Something unusual happened today in synagogue. We were in the middle of the Torah reading for this week, listening to the details of which animals are and are not kosher, and suddenly the reader just.....stopped. As the pause drew out, the Rav of our yishuv went over and looked at the place where the reader pointed to in the sefer Torah. It turns out that one of the letters was written incorrectly, so the Torah was closed up, its "gartel" (the sash used to close the two rolls of parchment together) was tied on the outside of the velvet cover (versus inside) to distinguish it from the other Torahs, and another one was taken out to be read.
In this particular instance, it was clear that a letter was written incorrectly. When there is a doubt, an interesting event takes place, one that excites my imagination. A small child, who is old enough to know the Hebrew letters but not old enough to read words, is called over. I can just imagine the scene, as a little kindergarden-age kid is motioned to the center of the synagogue, as all of the adult faces look on with expectation. The Rabbi scoops him up and points to a place in the sefer Torah, and with a kindly look asks him, "what's this letter, cutie?" This little innocent child will judge whether or not the Torah is pasul (unfit).
There are many people, both Jews and non-Jews, who think that we Orthodox are too stubbornly obsessed with the small details, and that we'd be better off, and would be easier to get along with, if we would just relax a little. So what if a letter is written incorrectly - what's the big deal about a few drops of ink?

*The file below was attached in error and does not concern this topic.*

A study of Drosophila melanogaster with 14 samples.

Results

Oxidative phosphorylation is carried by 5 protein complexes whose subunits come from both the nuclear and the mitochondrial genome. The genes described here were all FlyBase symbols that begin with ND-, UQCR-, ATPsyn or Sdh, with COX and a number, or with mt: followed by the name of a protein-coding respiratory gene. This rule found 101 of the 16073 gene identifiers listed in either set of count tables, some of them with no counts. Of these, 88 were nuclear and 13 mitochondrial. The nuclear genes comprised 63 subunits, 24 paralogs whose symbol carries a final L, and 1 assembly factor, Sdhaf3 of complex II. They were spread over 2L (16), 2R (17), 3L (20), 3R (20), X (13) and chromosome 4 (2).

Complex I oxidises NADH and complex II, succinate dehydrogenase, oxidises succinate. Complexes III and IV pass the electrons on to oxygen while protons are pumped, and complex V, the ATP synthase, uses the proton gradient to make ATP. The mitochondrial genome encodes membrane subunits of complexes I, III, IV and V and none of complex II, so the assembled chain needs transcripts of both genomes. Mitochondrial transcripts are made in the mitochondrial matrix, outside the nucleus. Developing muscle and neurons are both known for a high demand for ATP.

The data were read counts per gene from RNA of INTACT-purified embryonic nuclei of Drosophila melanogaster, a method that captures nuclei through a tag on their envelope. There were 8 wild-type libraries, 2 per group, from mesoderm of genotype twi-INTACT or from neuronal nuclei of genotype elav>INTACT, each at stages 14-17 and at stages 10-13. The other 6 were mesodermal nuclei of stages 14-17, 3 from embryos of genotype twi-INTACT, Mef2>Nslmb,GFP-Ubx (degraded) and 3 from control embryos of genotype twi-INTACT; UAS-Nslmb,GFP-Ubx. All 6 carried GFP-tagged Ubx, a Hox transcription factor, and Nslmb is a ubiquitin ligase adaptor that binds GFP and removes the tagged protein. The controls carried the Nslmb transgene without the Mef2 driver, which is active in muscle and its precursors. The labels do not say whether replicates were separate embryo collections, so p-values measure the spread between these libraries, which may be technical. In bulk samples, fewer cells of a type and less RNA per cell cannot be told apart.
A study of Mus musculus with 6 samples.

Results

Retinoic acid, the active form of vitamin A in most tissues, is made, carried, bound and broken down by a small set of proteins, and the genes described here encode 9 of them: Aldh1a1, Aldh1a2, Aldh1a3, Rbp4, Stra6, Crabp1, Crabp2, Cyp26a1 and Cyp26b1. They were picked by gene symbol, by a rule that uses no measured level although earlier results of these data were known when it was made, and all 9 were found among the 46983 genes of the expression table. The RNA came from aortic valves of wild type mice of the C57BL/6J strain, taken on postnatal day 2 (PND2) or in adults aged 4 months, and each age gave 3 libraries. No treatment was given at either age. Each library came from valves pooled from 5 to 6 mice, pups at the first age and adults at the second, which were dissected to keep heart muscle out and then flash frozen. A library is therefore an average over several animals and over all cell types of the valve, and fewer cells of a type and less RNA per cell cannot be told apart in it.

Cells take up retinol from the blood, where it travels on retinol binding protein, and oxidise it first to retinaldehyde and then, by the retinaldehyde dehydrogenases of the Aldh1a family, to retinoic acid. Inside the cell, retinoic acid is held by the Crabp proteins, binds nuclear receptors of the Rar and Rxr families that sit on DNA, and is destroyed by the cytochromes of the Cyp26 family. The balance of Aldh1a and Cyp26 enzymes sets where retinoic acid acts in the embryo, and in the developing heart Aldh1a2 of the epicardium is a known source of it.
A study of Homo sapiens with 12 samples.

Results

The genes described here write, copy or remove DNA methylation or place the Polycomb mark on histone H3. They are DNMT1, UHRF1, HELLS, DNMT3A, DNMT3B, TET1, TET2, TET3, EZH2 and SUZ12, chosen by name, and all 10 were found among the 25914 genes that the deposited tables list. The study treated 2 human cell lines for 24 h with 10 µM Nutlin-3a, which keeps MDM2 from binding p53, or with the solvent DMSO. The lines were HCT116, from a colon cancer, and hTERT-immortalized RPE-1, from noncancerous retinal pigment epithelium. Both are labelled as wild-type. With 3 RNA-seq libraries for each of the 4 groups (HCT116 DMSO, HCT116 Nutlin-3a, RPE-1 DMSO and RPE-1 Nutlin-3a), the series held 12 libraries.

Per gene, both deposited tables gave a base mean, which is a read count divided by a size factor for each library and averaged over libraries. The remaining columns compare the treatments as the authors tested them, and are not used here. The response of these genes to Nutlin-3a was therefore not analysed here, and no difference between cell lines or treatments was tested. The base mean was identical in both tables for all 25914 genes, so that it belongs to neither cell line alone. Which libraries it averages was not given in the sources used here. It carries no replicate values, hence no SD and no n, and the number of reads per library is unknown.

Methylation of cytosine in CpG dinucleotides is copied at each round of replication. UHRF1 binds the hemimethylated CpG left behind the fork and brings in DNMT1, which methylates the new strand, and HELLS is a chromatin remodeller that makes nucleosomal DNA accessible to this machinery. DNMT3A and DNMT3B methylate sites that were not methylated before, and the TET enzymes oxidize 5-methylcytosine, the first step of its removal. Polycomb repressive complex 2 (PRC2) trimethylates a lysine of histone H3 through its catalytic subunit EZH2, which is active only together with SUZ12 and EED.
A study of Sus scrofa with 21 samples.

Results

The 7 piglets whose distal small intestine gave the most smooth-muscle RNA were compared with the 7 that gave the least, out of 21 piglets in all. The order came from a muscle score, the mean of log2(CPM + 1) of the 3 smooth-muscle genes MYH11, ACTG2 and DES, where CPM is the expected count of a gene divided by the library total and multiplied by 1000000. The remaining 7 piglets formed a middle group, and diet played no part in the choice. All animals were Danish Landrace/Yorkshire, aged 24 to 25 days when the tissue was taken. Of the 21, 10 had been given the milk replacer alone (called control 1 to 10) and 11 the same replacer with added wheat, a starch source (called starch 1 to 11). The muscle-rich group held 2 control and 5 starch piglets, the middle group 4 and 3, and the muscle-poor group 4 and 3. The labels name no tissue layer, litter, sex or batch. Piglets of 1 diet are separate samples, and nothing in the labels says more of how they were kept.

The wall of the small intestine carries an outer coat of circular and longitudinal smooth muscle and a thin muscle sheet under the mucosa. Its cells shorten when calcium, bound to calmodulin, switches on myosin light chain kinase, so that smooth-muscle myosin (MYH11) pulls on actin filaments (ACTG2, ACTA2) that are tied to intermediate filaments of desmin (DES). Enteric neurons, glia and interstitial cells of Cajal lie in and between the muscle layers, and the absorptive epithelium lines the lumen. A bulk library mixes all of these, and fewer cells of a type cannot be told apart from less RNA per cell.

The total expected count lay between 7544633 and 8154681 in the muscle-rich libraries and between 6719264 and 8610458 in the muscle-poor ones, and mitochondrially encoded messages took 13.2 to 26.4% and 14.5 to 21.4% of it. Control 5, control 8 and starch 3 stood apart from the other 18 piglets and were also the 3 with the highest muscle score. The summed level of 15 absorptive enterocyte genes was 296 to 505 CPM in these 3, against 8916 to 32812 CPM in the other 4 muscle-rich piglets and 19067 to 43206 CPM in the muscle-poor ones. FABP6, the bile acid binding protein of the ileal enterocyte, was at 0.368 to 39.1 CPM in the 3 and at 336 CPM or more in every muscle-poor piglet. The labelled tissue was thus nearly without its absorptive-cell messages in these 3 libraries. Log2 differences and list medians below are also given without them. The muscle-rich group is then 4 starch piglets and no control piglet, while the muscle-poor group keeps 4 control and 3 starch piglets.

The answer to this is that those few drops of ink are crucial - and our survival as Jews for centuries has been ensured by our stubborn insistance on paying close attention to the details. By making sure that the Torah is written exactly as it should be, we know that we Jews are "all on the same page", as it were. The same Torah that we read in our little community in the Shomron is the same one that they read in New York city and in a remote village in India, where a Chabad shaliach (emissary) runs a synagogue for the Jewish tourists from Israel. It is also the same one that that they read in the Warsaw ghetto, in the old synagogues in Spain before the Jews were expelled in 1492, and in the ancient city of Jerusalem thousands of years ago.
There may be arguments about how to interpret the texts - but there is no argument about what the text is - and we take our responsibility to guard the text for future generations seriously.
Think of it this way - what is the difference between www.westbankblog.blogspot.com and www.westbankblog.blogspotcom? Just a tiny amount of virtual ink, no?